It's thought the increased use of social media and less face-to-face interactions could be the cause of higher depression cases in young adults.
A new study has found depression is rising significantly among young adults and teenagers and girls, in particular, are suffering the most.
The research used survey data from the National Surveys on Drug Use and Health and found for children aged between 12 and 17, the amount of depression reported has increased from 8.7 percent in 2005 to 11.3 percent in 2014. It also showed an almost 1 percent rise in depression amongst 18 year olds.
In addition to these findings, the team found that there isn’t an increase in seeking help and advice from mental health organizations to go with the increase in depression meaning many more young adults are suffering in silence or self-medicating.
“We already know that teens have much more depression than is currently being recognized or treated,” said Dr. Anne Glowinski, a child psychiatry researcher at Washington University in St. Louis who wrote an editorial accompanying the study. “What this study adds is that rates of youth depression have significantly increased in the last decade and that the proportion of recognized/treated young people appears unchanged despite efforts to encourage pediatricians to focus on suicide prevention which includes more recognition and treatment of youth depression.”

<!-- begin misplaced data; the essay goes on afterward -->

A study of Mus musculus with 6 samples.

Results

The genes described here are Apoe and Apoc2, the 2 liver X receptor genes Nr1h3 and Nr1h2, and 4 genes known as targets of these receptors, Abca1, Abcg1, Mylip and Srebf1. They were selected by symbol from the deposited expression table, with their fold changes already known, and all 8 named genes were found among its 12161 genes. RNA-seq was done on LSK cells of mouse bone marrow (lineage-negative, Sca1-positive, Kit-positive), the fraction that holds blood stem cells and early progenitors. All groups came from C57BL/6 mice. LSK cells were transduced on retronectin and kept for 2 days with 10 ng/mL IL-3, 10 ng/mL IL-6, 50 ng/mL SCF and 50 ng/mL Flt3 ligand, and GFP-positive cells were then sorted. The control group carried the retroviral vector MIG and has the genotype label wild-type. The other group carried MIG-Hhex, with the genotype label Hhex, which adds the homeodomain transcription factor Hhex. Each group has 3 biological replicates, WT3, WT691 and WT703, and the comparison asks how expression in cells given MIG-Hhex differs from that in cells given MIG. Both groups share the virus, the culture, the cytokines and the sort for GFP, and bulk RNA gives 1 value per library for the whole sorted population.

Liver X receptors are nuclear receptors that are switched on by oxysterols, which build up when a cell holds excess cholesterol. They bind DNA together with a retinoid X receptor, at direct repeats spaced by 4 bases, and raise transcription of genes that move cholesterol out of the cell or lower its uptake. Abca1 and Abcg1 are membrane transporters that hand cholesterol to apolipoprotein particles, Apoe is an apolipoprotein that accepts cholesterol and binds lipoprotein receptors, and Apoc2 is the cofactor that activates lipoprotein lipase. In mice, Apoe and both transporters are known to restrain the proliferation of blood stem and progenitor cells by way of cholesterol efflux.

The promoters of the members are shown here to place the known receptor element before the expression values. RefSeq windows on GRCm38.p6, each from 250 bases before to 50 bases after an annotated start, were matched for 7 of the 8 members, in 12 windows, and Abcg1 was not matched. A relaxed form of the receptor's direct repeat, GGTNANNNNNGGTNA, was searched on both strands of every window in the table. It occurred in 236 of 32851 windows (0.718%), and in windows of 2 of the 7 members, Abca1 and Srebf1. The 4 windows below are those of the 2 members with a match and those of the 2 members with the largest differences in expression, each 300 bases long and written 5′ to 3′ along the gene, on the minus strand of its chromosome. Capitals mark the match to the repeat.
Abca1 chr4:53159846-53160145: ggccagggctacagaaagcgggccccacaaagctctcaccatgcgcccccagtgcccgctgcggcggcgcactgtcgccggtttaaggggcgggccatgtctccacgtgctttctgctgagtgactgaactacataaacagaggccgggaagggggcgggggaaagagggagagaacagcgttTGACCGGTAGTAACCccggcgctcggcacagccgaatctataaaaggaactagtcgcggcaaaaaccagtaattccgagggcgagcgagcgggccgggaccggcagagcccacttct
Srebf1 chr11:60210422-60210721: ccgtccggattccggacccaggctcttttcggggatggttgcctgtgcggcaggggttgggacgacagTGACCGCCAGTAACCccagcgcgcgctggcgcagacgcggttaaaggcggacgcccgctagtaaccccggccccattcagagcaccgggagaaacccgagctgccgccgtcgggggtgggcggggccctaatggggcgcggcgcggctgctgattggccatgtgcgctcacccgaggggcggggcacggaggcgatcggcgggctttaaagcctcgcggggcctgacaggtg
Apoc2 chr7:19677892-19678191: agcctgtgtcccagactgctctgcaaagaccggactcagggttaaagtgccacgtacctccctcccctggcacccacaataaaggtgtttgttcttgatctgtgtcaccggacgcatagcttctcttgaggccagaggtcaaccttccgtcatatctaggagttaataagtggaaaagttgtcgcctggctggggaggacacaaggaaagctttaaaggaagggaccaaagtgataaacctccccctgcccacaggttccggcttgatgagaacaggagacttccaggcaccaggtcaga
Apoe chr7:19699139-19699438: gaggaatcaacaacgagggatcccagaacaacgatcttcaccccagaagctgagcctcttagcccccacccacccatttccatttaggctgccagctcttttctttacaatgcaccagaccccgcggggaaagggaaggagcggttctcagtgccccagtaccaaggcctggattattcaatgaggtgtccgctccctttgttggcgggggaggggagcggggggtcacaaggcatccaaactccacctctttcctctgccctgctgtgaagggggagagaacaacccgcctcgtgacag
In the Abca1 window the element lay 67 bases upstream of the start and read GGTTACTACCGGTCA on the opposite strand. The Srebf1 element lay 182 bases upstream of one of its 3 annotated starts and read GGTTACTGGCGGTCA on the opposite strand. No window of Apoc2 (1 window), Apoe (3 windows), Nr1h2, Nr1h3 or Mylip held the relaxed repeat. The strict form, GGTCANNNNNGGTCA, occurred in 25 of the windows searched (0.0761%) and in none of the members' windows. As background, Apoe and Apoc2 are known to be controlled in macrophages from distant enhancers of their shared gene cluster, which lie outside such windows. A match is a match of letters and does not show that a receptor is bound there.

The study also found 1 in 11 teenagers have suffered from a major bout of depression in the last year. The reasons why this is, isn’t exactly clear but it’s thought that less face-to-face interactions due to more smartphone and social media use since 2005 could be to blame. Social media also opens up the doors to more exposure to cyberbullying amongst peers.
Girls saw the highest increase in depressive episodes compared to boys, from 13 percent in 2005 to 17 percent in 2014. Boys saw a prevalence rise from 4 percent to 6 percent. It’s thought this is because girls are more prone to depression and negative emotions.
Either way, the study has highlighted that more needs to be to tackle to ongoing rise of mental health issues in young people.
Details of the study were published in the journal American Academy of Pediatrics.